Swing Aul or Nothing: Behind Aul Bats With Owner Joe Aul


Joe Aul and his father Jack started Aul Bats as a hobby, and the company has since grown into their full-time jobs. They added another staff member in 2016 and the company is still growing. 

Joe played baseball in college and Jack has a background in building, contracting, and construction work.  

“We could combine our two passions of baseball and building things and eight years later we’re still increasing in size and capacity,” Joe Aul said. “It’s been sort of a dream come true.”

The company motto is “Swing Aul or Nothing,” and Aul says he thinks using a wood bat makes a player a better hitter. 

A typical day at Aul Bat Company starts with emails and planning. From mid-morning to mid-afternoon they work on bat production. In the evenings, they meet with customers in the store or attend local tournaments. 

The Pittsburgh, PA-based company makes bats for local leagues, and they even have a few clients who are minor league baseball players. 

Aul estimates about 90% of their bats are made from maple, which is sourced from central New York. Once they receive the wood, the rest of the bat production is done by Aul Bats. They design the bat on a computer and then it goes to their custom-built computer numerical control (CNC) lathe. The lathe takes the wood billet and precisely cuts it into the correct shape. According to Aul Bats, the lathe is accurate to within 1000th of an inch and can complete a job in under five minutes.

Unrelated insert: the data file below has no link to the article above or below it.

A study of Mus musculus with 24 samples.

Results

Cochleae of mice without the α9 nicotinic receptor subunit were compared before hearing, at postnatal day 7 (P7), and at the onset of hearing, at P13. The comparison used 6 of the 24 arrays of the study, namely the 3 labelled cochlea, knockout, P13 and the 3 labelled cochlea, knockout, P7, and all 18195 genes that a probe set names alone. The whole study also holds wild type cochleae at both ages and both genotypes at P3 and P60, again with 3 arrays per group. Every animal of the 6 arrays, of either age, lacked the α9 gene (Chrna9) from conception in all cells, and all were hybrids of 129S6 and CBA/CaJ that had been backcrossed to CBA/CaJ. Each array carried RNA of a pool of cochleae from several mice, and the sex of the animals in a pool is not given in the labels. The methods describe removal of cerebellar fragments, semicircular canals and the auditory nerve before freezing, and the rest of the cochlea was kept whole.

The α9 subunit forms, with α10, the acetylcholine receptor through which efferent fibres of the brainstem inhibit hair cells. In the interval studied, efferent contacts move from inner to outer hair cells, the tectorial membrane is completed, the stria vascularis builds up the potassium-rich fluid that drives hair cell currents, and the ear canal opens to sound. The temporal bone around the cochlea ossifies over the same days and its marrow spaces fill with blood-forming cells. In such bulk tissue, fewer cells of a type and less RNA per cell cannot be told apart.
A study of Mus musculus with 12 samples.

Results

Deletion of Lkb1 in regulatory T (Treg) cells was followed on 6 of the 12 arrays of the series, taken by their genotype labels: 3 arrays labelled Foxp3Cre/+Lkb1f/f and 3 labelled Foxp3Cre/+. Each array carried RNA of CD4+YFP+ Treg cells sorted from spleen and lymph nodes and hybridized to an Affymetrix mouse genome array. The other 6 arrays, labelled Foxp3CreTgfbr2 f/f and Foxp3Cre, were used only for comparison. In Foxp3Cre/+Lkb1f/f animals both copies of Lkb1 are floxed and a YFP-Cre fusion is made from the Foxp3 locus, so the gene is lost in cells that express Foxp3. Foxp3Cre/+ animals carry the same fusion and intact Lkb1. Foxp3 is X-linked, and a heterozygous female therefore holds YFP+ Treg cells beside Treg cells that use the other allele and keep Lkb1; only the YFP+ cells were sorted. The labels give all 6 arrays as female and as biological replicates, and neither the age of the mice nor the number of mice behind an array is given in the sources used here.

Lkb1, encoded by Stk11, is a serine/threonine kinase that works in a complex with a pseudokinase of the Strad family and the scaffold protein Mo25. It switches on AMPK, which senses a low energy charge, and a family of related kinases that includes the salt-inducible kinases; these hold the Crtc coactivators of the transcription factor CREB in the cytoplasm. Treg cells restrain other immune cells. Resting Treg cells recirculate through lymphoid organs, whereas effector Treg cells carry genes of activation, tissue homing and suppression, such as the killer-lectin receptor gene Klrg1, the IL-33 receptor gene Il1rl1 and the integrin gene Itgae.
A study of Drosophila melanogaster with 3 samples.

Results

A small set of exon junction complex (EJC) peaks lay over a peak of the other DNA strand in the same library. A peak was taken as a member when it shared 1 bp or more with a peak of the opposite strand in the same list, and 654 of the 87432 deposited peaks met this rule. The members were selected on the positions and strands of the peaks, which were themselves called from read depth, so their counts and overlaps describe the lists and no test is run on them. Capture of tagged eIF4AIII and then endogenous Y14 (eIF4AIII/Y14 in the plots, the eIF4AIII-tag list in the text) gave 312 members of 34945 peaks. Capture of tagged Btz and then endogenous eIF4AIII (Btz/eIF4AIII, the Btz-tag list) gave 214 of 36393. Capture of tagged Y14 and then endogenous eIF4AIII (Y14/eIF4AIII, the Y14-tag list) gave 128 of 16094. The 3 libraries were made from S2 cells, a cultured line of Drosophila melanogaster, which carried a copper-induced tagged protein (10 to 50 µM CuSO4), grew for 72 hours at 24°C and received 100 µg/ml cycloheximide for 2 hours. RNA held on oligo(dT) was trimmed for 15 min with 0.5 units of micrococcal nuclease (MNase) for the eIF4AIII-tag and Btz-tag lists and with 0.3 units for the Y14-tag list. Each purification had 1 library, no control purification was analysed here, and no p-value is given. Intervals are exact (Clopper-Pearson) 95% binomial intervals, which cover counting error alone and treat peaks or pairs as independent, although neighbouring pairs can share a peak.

After the lathe, much of the work is hands-on. This includes sanding, finishing, and cupping — a small depression is cut into the end of the bat to make it feel more balanced and reduce a slight amount of weight. 

Some repeat customers will call and place an order for the same bat they already have. For new customers, Aul makes a point to educate them about wood bats and explain the different models they offer. 

“We have about 150 different models saved and I can do custom adjustments fairly easily,” Aul said. “I basically just redesign it on the computer, and then take it out to the lathe. It depends on the customer, but we have certain models that we try to sell to most people, and then we have more specific variations that we can mix and match.” 

Most of their business is local and a lot of their advertising is through word of mouth. Once an order is placed, a customer will usually recieve the bat within one to three weeks, depending on the time of year. 

“I treat people, I think the right way, and they tell other people and it spreads,” Aul said. “It builds relationships and it really keeps customers loyal. People want to come back to us because they appreciate that personal attention.”